This feature was written by freelance writer Natasha Preskey…

When 11-year-old you was reading your orange squash stained copy of Harry Potter and the Philosopher’s Stone, your future career was probably the last thing on your mind. Fast forward ten years and we could all use a little wisdom from J.K Rowling (and, ideally, a magic wand).

1. Your exam results don’t need to define you


Harry and Ron never bothered to head back to Hogwarts to take their N.E.W.T exams, but that didn’t stop them from becoming successful aurors. You don’t get much more ‘university of life’ than socking it to the dark lord, after all.

Sure, you may not have fame or, err, magic on your side but three As at A-level and a 2:1 aren’t the only route to success. Check out our opportunities page to see just some of the work experience placements and apprenticeships you can apply for to help launch your career.

2. Don’t let your parents choose your career path for you


Fred and George chose to ignore their mother’s advice to stay in school under the rule of Dolores Umbridge and instead opened successful joke shop: Weasley’s Wizarding Wheezes.

This isn’t the wizarding world and, by law, you do have to stay in education and training until you’re 16 (or 18 in England!) but that doesn’t mean your parents should choose what direction you take career-wise. They may have some good advice for you, but you’re the one who’s going to spend the next sixty years on your chosen career path. What’s worse, a bit of disapproval over your mum’s lasagna or a lifetime of boredom and resentment?

3. Check out your predecessors


You’re probably not going to end up with a wiped memory or with Voldemort’s face growing out of the back of your head like Hogwarts’ unfortunate defence against the dark arts teachers, but it’s still important to check out the history of a new position.

A job or internship might sound like perfect CV fodder but it can be helpful to have a LinkedIn stalk to see what previous interns or junior staff at a company are doing now. Did interns get kept on after their stint was over? How long did the last three people to the do this job stay in the company?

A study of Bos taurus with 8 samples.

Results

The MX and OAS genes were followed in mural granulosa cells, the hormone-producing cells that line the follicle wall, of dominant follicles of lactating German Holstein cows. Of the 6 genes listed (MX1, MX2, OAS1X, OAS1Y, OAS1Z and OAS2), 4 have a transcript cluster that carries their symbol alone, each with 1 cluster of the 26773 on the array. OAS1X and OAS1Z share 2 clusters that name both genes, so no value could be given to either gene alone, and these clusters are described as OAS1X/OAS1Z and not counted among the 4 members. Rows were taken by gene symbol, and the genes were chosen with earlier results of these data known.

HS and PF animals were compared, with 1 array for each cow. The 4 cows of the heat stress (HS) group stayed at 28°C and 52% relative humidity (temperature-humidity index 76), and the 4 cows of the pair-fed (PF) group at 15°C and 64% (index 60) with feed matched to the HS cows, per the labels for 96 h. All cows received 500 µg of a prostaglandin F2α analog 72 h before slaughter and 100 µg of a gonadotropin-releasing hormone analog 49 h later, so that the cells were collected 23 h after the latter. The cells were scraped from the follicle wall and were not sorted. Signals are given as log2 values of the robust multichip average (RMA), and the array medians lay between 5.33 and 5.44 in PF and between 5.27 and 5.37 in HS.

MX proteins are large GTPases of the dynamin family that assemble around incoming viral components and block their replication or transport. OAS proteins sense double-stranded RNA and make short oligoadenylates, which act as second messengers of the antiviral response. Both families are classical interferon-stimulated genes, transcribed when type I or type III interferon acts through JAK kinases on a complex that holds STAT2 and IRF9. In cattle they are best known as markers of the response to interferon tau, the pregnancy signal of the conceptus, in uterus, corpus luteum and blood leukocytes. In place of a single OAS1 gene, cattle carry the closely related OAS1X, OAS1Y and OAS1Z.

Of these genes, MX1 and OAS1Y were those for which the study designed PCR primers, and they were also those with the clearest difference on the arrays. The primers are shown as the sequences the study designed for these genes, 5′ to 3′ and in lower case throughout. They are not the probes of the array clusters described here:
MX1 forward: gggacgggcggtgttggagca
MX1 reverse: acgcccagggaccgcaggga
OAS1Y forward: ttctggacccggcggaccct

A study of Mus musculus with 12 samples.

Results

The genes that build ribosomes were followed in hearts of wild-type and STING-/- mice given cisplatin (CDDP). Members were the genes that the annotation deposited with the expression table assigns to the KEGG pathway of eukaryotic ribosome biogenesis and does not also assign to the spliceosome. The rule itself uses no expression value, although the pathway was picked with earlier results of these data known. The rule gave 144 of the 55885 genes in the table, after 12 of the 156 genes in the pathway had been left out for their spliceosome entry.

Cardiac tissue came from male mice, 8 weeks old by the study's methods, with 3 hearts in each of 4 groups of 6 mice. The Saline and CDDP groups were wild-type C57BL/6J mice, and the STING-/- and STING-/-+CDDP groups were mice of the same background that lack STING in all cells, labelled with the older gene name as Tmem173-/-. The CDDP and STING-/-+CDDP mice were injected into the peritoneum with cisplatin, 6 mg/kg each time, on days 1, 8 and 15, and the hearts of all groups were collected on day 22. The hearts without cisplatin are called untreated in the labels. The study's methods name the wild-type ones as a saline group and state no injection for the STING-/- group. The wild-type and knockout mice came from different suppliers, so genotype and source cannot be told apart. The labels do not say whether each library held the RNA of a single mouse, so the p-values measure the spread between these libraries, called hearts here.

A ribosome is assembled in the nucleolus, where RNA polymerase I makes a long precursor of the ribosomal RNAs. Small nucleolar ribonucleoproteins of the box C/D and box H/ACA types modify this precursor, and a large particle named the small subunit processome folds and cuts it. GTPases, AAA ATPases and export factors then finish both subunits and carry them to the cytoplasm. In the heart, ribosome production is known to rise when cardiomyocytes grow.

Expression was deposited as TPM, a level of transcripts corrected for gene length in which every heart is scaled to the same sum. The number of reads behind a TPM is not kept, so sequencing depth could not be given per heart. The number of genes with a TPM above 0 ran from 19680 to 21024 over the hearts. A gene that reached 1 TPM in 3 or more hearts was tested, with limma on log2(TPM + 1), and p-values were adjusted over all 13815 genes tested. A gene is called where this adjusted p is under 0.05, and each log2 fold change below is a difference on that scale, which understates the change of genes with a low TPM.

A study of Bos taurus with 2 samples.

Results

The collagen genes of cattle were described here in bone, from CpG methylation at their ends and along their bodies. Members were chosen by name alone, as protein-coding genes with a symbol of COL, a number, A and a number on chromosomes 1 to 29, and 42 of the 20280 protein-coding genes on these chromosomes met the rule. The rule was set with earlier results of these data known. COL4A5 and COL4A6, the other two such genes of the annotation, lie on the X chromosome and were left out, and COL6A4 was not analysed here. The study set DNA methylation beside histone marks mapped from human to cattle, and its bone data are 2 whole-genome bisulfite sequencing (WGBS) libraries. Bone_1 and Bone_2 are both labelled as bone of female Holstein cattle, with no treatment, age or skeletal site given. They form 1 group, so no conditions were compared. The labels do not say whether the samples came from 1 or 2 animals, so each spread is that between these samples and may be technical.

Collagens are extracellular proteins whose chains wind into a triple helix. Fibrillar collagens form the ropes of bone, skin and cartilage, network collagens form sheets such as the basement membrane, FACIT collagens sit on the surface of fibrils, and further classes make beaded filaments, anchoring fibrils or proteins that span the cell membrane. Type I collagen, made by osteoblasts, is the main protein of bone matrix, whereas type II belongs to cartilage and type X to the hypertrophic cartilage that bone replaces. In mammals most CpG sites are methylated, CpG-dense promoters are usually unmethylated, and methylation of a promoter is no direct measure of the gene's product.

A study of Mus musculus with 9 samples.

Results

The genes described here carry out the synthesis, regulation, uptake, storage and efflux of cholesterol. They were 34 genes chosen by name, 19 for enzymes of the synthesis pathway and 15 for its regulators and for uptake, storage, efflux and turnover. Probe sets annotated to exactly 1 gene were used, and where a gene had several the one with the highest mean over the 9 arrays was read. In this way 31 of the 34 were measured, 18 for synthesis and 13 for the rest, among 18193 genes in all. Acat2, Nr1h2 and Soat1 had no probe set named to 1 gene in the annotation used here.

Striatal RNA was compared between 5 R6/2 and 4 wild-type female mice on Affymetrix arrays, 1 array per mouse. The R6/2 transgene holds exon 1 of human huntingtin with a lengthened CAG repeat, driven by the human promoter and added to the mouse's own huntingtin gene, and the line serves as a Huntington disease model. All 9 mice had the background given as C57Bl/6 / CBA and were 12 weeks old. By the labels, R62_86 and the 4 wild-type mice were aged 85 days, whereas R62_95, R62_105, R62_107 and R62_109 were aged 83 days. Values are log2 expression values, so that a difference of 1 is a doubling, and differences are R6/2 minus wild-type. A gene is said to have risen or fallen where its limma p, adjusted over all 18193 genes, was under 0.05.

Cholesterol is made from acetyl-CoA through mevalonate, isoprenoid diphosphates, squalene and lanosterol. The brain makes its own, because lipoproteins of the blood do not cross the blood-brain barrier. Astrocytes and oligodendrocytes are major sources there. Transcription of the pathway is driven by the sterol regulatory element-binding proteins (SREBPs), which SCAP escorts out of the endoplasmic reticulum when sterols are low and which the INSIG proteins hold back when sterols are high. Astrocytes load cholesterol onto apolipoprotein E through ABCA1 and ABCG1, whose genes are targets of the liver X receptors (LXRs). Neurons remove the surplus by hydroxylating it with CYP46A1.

Asking about what those who’ve done a job before you went on to do afterwards or what opportunities there are for development within a company is also a good move at a job interview.

4. Don’t take on too much


Remember Hermione’s time-turner? You might well daydream about how much richer you could be if you had one, but overloading yourself doesn’t help you build a good reputation. If you’re doing a week of work experience, for example, don’t pack out your evenings, especially if you’re not used to working a 9-5.

Much more important than whacking a token bit of experience on your CV or quick piece of work in your portfolio is being remembered by people for the right reasons and producing work that reflects your ability.

5. Be nice to EVERYONE


If anyone knows what it’s like to have a raw deal employment-wise, it’s Dobby the house elf. If there’s one thing we learnt from Dobby’s difficult (and, sadly, short-lived) career, it’s that you should treat absolutely everyone with respect and compassion.

The Malfoys treated Dobby crappily and the elf later betrayed them by telling Harry about the Chamber of Secrets and then foiled them by saving Harry from their clutches in the Deathly Hallows. Be nice because you’re a decent human being but, failing that, be nice because if you treat someone badly on your way up, you genuinely could end up meeting them on the way down.